Can My Charges be Diverted if I’m an Immigrant

Pretrial and judicial diversion are two great criminal justice programs offered in the state of Tennessee wherein first-time offenders can avoid serving time or having a conviction on their record. Check out our blog fromCan My Charges be Diverted if I'm an Immigrant 2020 to learn about diversions in depth. Diversion is a path through which your charges may be dismissed after the successful completion of a probationary period. If you are eligible for diversion, your attorney will first come to an agreement with the prosecution to settle your case through the program. Then, the judge must approve the diversion in court, sometimes requiring your attorney to demonstrate your fitness for the program at an eligibility hearing. After the judge agrees to place you under diversion, you must complete all requirements ordered by the court and stay out of trouble before your final court date. So long as you fulfill your end of the diversion agreement, your charges may be dismissed at the end of the probationary period.

The problem we’re going to discuss today is the consequences of Tennessee’s diversion programs on an immigrant’s status in the United States. While a U.S. citizen entering a diversion is not considered to be adjudicated guilty unless they violate the terms of the diversion and are then convicted of the charges under diversion, immigrants are accountable to different standards. Under the Immigration and Nationality Act, section 101(a)(48)(A), an immigrant does not have to be formally convicted in order to be considered to have a conviction on their record:

The term “conviction” means, with respect to a[n] [immigrant], a formal judgment of guilt of the [immigrant] entered by a court, or, if adjudication of guilt has been withheld, where –

i) a judge or jury has found the [immigrant] guilty or the [immigrant] has entered a plea of guilty or nolo contendere or has admitted sufficient facts to warrant a finding of guilt, and [emphasis added]

ii) the judge has ordered some form of punishment, penalty, or restraint on the [immigrant’s] liberty to be imposed.

What this means is that if an immigrant is found guilty, enters a guilty plea, or admits facts sufficient to establish guilt, and the judge orders a punishment, they are considered to be convicted under immigration law.

This introduces some concerns when it comes to the diversion program. Pursuing a judicial diversion in the state of Tennessee, qualified defendants must enter a conditional guilty plea to defer further proceedings in their case while they complete the probationary period. Because that defendant has both plead guilty and been placed on probation (i.e., a punishment and a restraint on their liberty) by the judge, they are considered to be convicted under INA § 101(a)(48)(A).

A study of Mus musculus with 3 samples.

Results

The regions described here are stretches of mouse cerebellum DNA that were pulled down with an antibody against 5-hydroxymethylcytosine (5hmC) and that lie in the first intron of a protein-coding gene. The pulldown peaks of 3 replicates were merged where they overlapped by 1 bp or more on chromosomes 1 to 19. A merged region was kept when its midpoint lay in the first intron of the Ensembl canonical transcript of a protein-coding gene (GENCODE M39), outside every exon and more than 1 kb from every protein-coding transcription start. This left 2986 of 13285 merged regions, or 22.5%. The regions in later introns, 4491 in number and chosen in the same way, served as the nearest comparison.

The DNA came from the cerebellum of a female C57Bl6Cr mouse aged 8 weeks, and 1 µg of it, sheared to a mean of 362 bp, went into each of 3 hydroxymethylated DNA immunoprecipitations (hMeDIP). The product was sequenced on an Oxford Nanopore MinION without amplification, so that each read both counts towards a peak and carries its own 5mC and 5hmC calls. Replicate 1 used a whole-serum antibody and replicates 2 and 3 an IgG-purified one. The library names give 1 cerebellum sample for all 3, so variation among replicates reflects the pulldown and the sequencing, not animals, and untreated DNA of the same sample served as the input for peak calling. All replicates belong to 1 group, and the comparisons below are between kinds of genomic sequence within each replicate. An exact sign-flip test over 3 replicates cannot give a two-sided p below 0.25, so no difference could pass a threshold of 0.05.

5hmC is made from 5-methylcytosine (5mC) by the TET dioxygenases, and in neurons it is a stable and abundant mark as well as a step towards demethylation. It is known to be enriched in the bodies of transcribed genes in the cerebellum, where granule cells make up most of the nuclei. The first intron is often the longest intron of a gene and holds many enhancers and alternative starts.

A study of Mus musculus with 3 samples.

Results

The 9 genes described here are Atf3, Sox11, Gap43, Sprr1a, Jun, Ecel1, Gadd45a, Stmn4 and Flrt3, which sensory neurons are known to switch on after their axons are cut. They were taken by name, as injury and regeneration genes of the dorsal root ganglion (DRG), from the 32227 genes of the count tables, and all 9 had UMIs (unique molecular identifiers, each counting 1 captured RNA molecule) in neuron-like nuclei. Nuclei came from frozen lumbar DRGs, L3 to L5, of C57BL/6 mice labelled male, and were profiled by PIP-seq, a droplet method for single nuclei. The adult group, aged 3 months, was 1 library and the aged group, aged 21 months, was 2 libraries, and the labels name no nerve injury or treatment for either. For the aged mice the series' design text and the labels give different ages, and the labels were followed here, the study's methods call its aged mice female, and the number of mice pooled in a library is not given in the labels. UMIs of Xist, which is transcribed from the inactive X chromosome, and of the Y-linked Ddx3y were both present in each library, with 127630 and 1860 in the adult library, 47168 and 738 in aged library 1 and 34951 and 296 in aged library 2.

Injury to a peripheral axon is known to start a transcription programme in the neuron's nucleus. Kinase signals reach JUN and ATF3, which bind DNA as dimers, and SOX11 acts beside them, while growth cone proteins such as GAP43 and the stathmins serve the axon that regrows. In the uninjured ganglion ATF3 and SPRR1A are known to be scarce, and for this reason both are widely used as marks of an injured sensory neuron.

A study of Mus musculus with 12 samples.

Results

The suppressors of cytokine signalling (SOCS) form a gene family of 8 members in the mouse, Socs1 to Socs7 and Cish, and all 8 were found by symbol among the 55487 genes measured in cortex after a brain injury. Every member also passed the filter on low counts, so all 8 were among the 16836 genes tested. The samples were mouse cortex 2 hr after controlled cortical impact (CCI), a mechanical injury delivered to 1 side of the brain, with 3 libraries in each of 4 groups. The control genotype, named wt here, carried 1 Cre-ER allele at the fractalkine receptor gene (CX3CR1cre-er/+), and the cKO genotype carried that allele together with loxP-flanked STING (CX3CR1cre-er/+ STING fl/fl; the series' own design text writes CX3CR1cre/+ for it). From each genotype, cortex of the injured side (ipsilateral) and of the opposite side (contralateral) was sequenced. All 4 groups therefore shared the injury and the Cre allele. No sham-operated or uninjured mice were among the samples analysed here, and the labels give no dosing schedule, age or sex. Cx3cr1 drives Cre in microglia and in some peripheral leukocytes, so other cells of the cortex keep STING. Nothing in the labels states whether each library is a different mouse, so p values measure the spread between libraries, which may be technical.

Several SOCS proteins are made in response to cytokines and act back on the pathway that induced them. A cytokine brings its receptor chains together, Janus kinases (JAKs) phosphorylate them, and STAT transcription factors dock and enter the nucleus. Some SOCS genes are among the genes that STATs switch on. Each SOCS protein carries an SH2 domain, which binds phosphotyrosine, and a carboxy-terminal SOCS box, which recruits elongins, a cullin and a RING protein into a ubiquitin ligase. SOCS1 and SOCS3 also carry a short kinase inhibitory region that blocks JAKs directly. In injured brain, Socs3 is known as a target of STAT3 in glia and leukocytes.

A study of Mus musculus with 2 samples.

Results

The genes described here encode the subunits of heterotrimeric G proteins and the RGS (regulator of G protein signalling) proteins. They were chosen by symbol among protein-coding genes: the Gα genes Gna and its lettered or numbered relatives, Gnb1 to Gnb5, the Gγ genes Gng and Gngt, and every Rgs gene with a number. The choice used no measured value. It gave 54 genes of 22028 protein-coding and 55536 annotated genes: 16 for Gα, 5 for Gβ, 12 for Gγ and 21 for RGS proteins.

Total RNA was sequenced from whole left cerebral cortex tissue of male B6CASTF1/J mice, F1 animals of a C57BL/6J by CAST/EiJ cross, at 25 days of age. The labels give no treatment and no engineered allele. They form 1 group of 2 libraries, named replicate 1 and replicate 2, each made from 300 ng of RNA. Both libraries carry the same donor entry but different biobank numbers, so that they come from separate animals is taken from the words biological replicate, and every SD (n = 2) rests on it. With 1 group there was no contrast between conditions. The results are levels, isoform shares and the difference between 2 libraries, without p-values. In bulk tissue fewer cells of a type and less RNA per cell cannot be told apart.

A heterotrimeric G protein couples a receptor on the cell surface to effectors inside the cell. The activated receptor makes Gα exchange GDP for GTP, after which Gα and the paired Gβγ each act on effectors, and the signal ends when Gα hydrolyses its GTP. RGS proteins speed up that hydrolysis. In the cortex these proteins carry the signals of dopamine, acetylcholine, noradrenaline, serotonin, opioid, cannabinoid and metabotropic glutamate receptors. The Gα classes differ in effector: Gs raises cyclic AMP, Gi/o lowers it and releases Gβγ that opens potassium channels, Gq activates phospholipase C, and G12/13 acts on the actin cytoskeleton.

A better option for immigrants facing criminal charges in Tennessee is the pretrial diversion program. Eligibility for pretrial diversion, unlike judicial diversion, is not predicated upon a guilty plea, or otherwise a finding of guilt. In a pretrial diversion, the prosecution agrees to suspend the general prosecution of an eligible defendant’s case for a specified length of time while the defendant completes requirements ordered by the court. If you fail to complete the diversion successfully, the prosecution of your case will resume. But if you make it through the period of your pretrial diversion, the charges against you will be dismissed. Since there is no finding or plea of guilt prerequisite to a pretrial diversion, this program does not count as a conviction under immigration law.

However, pretrial diversion can be harder to obtain than judicial diversion. For starters, the pretrial diversion program cannot be used for felony charges and a handful of misdemeanors, including driving under the influence and domestic assault. In addition, prosecutors may be less inclined to enter into pretrial diversion agreements because the conditional guilty-plea of the judicial diversion offers assurance that a defendant will be formally convicted if they violate the diversion’s terms. You’ll need a criminal defense attorney that has experience advocating for pretrial diversion and a good rapport with the prosecutor in order to explore pretrial diversion as an option for settling your case.

If you’re facing criminal charges and are concerned about your immigration status, reach out to Best & Brock for a FREE consultation. We will gladly walk you through your options and fight hard to find an agreeable solution to your case. Fill out our online contact form or give us a call at 423-829-1043 today!

For more information, please visit the Immigrant Legal Resource Center website.